What were they thinking?
That was the sentiment expressed by the head of a key House subcommittee Wednesday when asked about how the Federal Communications Commission handled LightSquared's quest to build a nationwide wireless network.
"I am trying to figure out how the cart got so far ahead of the horse," Rep. Greg Walden, R-Ore., chairman of the Energy and Commerce Communications and Technology Subcommittee, said during a news conference to discuss his 2012 agenda. Walden said he plans to hold a hearing on the controversy this year but didn't give a specific date.
Tests indicate that LightSquared's proposals would interfere with global positioning systems. LightSquared says it has solved the interference problems, but representatives of nine federal agencies concluded on Jan. 13 that no practical measures can allow LightSquared to overcome interference with GPS.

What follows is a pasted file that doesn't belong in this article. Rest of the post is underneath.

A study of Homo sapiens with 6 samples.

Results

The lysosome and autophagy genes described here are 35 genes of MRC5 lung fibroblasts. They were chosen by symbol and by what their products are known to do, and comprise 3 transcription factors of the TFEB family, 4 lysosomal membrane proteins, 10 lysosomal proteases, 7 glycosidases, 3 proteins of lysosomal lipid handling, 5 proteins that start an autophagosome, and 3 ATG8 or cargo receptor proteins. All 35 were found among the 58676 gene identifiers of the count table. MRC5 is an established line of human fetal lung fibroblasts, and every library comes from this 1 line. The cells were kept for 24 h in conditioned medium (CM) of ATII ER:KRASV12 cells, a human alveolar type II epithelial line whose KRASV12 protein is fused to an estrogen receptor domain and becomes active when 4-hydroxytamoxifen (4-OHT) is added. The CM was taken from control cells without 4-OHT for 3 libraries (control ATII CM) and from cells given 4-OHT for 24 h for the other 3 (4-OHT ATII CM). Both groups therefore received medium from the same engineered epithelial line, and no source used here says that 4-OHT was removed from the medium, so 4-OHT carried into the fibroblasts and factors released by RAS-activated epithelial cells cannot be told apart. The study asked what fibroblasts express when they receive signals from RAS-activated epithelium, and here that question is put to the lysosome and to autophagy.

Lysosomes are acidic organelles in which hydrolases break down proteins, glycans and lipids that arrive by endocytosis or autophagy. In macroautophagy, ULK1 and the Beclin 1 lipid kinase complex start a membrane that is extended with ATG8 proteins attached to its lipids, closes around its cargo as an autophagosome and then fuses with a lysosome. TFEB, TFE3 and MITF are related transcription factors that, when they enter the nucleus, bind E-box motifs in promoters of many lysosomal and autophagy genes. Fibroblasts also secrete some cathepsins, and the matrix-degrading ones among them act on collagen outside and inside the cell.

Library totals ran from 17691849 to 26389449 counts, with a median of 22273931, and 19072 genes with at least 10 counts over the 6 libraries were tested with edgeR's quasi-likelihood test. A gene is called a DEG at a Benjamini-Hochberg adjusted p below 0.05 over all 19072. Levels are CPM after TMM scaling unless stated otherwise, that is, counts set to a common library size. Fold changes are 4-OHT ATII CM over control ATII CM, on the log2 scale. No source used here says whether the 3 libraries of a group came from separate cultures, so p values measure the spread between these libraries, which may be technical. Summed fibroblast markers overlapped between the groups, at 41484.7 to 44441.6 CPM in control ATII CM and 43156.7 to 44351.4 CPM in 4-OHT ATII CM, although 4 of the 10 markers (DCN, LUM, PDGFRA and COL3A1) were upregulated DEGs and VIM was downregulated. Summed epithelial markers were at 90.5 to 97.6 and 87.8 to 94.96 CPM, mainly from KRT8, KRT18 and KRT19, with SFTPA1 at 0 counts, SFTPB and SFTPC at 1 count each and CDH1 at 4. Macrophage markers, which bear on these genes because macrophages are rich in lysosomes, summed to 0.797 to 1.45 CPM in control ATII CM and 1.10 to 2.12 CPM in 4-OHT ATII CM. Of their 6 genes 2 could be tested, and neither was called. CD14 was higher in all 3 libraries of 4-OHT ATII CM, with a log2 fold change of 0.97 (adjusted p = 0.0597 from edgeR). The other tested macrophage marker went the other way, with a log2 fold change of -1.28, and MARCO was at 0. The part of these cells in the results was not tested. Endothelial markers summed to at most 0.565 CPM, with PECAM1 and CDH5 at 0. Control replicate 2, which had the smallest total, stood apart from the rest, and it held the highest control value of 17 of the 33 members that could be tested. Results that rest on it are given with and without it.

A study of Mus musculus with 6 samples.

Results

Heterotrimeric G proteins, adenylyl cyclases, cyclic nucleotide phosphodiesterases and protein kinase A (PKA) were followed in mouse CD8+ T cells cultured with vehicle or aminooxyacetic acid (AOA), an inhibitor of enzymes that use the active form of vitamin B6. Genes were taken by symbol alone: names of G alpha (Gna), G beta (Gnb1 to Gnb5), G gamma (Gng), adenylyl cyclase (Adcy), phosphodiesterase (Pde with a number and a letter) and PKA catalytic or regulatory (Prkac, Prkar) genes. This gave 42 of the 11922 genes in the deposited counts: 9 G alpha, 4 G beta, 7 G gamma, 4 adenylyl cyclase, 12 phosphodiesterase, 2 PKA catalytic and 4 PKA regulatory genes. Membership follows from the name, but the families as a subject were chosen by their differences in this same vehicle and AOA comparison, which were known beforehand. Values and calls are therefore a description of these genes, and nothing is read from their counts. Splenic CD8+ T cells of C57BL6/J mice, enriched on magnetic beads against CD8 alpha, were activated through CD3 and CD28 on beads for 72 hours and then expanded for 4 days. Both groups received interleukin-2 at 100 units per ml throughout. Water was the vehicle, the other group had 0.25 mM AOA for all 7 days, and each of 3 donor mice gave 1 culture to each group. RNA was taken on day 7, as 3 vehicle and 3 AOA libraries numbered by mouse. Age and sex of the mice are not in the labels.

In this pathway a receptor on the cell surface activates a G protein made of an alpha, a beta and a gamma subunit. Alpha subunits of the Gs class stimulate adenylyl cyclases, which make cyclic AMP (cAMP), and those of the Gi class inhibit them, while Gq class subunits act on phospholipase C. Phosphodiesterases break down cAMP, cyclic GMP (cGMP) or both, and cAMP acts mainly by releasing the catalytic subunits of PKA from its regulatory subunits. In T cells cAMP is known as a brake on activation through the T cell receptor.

The finding, a significant blow to LightSquared's case, prompted a furious response from the beleaguered wireless startup, which accused the government panel of "a systematic disregard for fairness and transparency."
Walden said he has met with representatives from both GPS companies and LightSquared in hopes of figuring out if there is an "engineering answer here." He said he got two different answers.
The FCC says it will not give LightSquared final approval until tests show that the network can be safely built, but the agency has come under fire for its handling of the process.
Walden questioned how the FCC could allow Light Squared to obtain spectrum that it is now being told will interfere with GPS systems. "How did it get to this point?" asked Walden, a former radio broadcaster who has had to bid for spectrum licenses.
The FCC says it did nothing unusual in working with LightSquared, and has repeatedly said it will not give the company approval until all problems have been resolved.